Report Published by Celent
The introduction of DMA trading for institutional investors in India reflects the nation’s move towards a technologically advanced and efficient electronic trading infrastructure. Celent anticipates high adoption of DMA channels among industry participants and high growth of DMA flows over the next few years.
In a new report, Impact of Direct Market Access in India, Celent examines the reasons behind the introduction of DMA in India, including growth drivers and demand for its adoption, changing trends in the market structure among participants, and the implications of these trends on the overall potential growth of DMA flow volumes.
DMA has become popular in the advanced markets of the US and Europe. This channel has provided the buy side with greater control over trades, faster and better quality of execution, facilitation of complex trading strategies, market and liquidity aggregation, increased compliance with regulations, and lowered brokerage fees. It is not surprising, then, that DMA flows in these markets have quickly risen to 15–18% and 8% of the total respective flows. DMA’s success begs the question: will it find similar acceptance in India? The answer is a resounding yes.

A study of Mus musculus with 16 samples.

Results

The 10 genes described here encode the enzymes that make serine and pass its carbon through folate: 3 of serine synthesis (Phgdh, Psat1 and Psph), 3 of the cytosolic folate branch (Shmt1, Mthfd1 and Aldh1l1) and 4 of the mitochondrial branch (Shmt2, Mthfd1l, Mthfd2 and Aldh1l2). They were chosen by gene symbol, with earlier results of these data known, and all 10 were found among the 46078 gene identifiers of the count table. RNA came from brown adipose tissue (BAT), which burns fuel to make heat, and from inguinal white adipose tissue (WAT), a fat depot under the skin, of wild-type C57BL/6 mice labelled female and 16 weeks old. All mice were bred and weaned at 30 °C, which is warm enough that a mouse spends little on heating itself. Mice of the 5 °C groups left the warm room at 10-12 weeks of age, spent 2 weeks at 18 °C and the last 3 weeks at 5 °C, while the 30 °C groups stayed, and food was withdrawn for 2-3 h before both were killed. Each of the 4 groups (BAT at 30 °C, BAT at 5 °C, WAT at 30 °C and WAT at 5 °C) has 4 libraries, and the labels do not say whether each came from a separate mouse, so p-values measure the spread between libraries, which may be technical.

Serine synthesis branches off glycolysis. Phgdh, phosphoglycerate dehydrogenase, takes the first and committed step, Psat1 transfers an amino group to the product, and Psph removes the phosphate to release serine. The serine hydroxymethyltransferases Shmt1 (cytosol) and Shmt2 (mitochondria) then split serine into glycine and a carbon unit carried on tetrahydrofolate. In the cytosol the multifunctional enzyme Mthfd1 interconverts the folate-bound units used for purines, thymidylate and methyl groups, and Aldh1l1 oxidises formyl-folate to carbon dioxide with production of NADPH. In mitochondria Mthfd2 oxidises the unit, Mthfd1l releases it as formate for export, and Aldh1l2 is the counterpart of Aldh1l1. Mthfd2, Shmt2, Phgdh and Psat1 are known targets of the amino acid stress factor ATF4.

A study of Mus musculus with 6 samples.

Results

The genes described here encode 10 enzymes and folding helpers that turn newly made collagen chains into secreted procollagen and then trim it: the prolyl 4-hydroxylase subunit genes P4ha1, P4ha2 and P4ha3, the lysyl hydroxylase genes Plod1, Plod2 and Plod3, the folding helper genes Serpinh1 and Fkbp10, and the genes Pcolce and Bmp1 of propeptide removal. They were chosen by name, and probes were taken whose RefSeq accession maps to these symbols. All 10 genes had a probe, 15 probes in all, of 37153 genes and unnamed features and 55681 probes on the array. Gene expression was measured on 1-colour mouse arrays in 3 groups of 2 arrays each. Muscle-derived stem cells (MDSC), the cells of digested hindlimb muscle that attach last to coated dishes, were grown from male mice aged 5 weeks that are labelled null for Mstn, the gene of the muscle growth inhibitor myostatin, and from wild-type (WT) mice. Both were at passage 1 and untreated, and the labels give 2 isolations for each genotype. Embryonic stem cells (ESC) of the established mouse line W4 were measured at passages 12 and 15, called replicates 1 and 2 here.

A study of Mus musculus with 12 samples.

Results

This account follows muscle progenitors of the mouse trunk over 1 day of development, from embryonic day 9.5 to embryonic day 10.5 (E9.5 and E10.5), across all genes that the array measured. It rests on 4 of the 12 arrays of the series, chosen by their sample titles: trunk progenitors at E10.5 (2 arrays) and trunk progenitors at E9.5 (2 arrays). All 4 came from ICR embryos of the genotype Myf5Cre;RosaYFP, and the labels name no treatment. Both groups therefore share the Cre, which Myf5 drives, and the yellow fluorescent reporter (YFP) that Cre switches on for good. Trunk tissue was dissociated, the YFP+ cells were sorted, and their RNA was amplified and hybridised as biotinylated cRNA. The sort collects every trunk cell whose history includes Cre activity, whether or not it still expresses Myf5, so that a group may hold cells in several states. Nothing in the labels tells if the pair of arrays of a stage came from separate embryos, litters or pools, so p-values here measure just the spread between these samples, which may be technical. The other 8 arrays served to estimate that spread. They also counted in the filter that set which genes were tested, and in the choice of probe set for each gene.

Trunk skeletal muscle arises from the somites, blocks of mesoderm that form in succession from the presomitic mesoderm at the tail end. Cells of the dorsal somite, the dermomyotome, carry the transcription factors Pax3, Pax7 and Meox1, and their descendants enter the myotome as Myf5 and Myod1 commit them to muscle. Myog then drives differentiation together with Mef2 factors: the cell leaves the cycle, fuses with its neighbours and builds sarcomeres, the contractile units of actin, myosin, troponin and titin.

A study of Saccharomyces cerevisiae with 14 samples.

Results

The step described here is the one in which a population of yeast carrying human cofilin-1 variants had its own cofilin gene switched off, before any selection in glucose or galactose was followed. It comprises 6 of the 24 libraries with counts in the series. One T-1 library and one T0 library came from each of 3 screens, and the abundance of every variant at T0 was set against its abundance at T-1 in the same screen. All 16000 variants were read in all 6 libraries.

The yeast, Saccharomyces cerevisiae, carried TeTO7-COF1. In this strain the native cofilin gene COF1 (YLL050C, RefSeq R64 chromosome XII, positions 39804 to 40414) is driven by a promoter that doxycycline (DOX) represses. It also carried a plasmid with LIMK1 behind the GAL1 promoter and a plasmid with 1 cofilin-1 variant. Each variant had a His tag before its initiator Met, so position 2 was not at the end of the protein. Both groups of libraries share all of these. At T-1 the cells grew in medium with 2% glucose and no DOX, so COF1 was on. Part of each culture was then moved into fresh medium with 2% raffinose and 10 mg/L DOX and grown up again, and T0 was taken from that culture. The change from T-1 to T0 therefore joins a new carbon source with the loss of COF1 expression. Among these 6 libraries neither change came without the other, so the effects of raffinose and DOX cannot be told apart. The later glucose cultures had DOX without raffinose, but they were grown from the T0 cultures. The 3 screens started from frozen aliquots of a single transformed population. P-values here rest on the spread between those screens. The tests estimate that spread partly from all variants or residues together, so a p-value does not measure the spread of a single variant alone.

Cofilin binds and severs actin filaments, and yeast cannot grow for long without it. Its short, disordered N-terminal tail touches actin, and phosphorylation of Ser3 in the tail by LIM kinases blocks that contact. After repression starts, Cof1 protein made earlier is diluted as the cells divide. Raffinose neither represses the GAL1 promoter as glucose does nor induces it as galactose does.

“Conditions in the market, especially some key market inefficiencies at the brokers’ end, are ripe for the adoption and usage of DMA channels. Major brokerage houses are in a race with each other to enhance their trading systems and be among the first to offer these services,” says Sandeep Hebbar, senior analyst with Celent's Banking group and author of the report.
A significant proportion of the major brokerage houses that cater to the institutional segment and the active set of buy side institutions are getting ready to provide DMA channels, and mass trading will commence by the end of 2008. Celent estimates that DMA trades will amount to 11% of the total flow of trades by 2010. Currently, local technology vendors dominate the local DMA solutions market.
The report begins by exploring the growth drivers that have enabled the quick acceptance of DMA in the US and Europe. It then explores the Indian market structure and some key market inefficiencies to see if conditions exist for the adoption of DMA. It further analyzes the provider and user markets to arrive at an estimation for potential DMA providers/users and DMA volumes. Finally, the report profiles the leading technology vendors that are providing DMA solutions and services for the local market.